Oh, where does time go? We have been swamped with just lots of ordinary things. For the last many weeks, I have been poring over NSIP data and metrics for my ram lambs, as well as scrapie DNA results, deciding which ones to castrate for the butcher channel, and which ones to keep intact for sale. The clock was ticking- for one, I have buyers asking about breeding animals for sale. And two, those intact rams could conceivably breed-back some of my mature ewes at some point soon, so they had to get outta the ewe pasture.

So, last weekend I was pleased with myself to have gotten all the “for sure” castrations done and the intact rams separated for weaning. I used a version of the Burdizzo Crusher for the first time, the more expensive one that Premier offers. I struggled with it a bit at first, especially because I tried to do my bottle rams way early. Having them sit on their butts for the procedure is hard, it makes their tiny testicles fall back into the body, and one-handing the tool is hard for my small hands.

This time, now that the rams are 90 days old, it was much easier, the spermatic cord is very easy to find and the testicle is less determined to “hide.” I kept the lambs standing up and straddled them to hold them still, so that gravity would help keep the testes in the right spot. This allowed me to line things up, then use my second hand to help squeeze the tool closed. Still, the advice to do two crushes on each side, at different heights, seemed too hard to me. It was challenging enough getting the tool on the cord somewhere, I’d have no idea how to ensure that it hit two different spots; unless maybe someone held the lamb so I could see better what I was doing.

I haven’t found banding-style castration to be particularly upsetting for rams, other than maybe a few rams will do the fish flop for the first ten minutes as they feel the numbing affect. But after that they frolic and play and seem no worse for wear. The crusher seemed even better- they reacted as it clamped down, but then stood calmly during the 25 seconds of “hold”. I could tell they maybe felt a little tender in the minutes afterwards- I would imagine it throbs the same as when we pinch a finger by some mechanical means. But they perked up soon afterwards and seemed ok later in the day.

I am hoping that the crusher will decrease my rates of partial castrations. And even if I do “miss one” I can go back and re-crush it later. With banding, this is often impossible, because the scrotum skin is gone, so there is nothing to band or crush, the testicle is stuck up inside the body. Where one would hope it’s not producing viable sperm due to the body heat, but one hates to gamble…

The wethers and ewe lambs all get get to stay with their mamas and continue to nurse, what little nursing those mamas tolerate with such big babies that knock them off the ground. But the ram lambs had to join the mature fellows in the second pasture. They called to their mothers for a day or so, but have already emotionally moved on. It helps having the older guys there with them, to give a calm we-know-the-ropes influence. I am grateful for having a breed where rams can be together and not kill each other.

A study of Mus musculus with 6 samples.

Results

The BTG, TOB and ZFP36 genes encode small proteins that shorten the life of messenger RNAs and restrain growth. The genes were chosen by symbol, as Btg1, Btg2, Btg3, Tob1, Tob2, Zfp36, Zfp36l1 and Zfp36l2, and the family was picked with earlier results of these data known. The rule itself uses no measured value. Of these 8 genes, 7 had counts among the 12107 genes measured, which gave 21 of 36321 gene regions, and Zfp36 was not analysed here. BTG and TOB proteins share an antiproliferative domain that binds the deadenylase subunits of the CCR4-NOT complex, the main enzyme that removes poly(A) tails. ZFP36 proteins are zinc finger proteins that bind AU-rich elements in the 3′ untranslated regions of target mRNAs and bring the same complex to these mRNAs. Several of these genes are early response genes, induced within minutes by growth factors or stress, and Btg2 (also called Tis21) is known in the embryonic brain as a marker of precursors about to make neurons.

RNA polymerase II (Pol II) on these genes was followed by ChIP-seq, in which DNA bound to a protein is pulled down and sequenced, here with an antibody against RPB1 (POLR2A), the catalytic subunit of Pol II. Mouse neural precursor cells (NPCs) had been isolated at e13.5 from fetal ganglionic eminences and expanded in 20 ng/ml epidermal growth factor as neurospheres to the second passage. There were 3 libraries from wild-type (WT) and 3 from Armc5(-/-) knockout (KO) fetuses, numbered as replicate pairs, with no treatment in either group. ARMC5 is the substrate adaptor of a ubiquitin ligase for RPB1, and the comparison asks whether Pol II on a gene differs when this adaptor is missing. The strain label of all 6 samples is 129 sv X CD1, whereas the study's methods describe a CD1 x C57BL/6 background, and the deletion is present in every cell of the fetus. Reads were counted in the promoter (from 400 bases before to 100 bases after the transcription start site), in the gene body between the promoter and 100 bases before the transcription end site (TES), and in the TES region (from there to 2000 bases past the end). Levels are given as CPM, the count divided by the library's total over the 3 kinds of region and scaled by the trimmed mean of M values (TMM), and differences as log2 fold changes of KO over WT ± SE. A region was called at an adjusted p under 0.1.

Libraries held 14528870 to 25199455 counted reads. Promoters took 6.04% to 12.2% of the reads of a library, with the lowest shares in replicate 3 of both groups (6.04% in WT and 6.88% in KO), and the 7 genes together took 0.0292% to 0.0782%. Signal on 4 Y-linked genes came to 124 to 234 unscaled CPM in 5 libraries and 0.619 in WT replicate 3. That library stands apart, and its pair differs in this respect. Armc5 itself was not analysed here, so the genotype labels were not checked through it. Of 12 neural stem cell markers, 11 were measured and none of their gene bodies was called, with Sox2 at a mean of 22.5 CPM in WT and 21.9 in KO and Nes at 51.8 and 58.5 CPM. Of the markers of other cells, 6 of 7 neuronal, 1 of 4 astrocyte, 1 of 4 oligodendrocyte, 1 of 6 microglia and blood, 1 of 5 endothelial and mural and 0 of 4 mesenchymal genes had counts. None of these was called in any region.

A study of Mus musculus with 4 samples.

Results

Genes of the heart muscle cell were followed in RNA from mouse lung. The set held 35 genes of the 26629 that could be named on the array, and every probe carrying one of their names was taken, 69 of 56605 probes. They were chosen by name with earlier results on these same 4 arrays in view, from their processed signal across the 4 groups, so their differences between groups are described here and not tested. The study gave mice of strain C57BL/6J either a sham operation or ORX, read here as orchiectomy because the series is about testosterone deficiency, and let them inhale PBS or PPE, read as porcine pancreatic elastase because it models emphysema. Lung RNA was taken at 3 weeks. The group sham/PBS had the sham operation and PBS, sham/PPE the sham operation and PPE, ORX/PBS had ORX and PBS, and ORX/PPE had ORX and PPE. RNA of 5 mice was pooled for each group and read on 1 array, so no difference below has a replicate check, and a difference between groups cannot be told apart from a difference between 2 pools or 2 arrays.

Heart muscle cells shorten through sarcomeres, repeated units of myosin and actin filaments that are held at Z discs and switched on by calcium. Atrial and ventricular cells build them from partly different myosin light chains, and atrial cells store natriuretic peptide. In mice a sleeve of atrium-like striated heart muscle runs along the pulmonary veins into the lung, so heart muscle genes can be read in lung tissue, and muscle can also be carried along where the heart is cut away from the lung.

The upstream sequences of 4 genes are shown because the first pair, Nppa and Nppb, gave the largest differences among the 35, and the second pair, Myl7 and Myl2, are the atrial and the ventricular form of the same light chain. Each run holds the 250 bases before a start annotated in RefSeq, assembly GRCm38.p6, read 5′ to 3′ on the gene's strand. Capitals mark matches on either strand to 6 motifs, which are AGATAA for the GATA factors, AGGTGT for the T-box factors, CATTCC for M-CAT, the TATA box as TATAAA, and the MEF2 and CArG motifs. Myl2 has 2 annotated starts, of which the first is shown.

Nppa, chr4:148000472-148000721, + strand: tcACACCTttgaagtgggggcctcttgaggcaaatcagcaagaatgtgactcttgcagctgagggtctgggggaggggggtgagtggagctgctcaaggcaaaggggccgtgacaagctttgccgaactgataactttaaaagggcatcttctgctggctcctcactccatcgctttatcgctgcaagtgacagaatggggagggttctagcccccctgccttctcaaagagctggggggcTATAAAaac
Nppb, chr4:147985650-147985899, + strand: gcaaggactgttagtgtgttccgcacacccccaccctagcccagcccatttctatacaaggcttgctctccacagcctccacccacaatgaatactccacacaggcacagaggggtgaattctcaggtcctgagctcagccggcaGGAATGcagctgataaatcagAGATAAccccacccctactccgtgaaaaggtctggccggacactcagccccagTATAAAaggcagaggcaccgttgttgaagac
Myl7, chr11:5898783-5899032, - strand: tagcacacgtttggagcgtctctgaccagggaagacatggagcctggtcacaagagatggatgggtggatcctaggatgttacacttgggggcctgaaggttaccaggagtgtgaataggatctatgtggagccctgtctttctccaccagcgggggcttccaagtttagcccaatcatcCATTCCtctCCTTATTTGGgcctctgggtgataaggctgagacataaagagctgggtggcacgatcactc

I still have nine baby boys intact, which is probably too many. But there were a couple who were lower on the ranking, but still very nice looking, and I just didn’t have the heart to consign them as butcher animals just yet. Rams are always hard- there are so many lovely ones, but only the best of the best get to be herd sires. There were several very nice white ones, but I am finding that buyers almost always want colored or spotted breeding animals. So I only kept one solid white on intact, which I am considering keeping for myself.

Last year, I did my weaning by separating groups by Electronet. That didn’t work very well, I think I had three jailbreak incidents that caused me to re-sort. This year I got smarter and just put the boys into the second pasture straightaway. But lo and behold if some didn’t sneak back into the ewe pasture a couple of days later- through an open gate. I have no idea how that got left open or opened by animals, but there it was, wide open.

It was a huge ordeal getting everything re-sorted again. The lambs were as recalcitrant as could be, not wanting to leave their mothers for a second time. Maggie could not push them away and bloodied several noses trying. I tried bringing all the rams to them, and then moving the larger group. Still no. Maggie did good work, but if she was even an inch off in her drive line, a lamb would break past her, she’d have to go stop it, and that would allow the group to retreat.

I tried adding half the ewes, figuring I’d sort them back when I got the rams where they needed to go. Still, no. Maggie had to have several water tank breaks during all this, it was so much work. So I gave up being fancy trying to drive against a draw, and moved all 75 sheep into the channel, then re-sorted everybody through gates, and put the two groups back where they needed to be. <sigh> There went a weeknight where I’d hoped to get other stuff done! Thankfully I’d notched the ear tags of all the wethers, so at least that made sorting visually very easy. And this time, I closed three gates between them: hopefully that’s enough!

Now I’m working away on editing photographs of the ram lambs, deciding on their pricing, and getting bio’s ready to post online for sale. And next, onto the decision-making process for which ewes stay and go- even harder!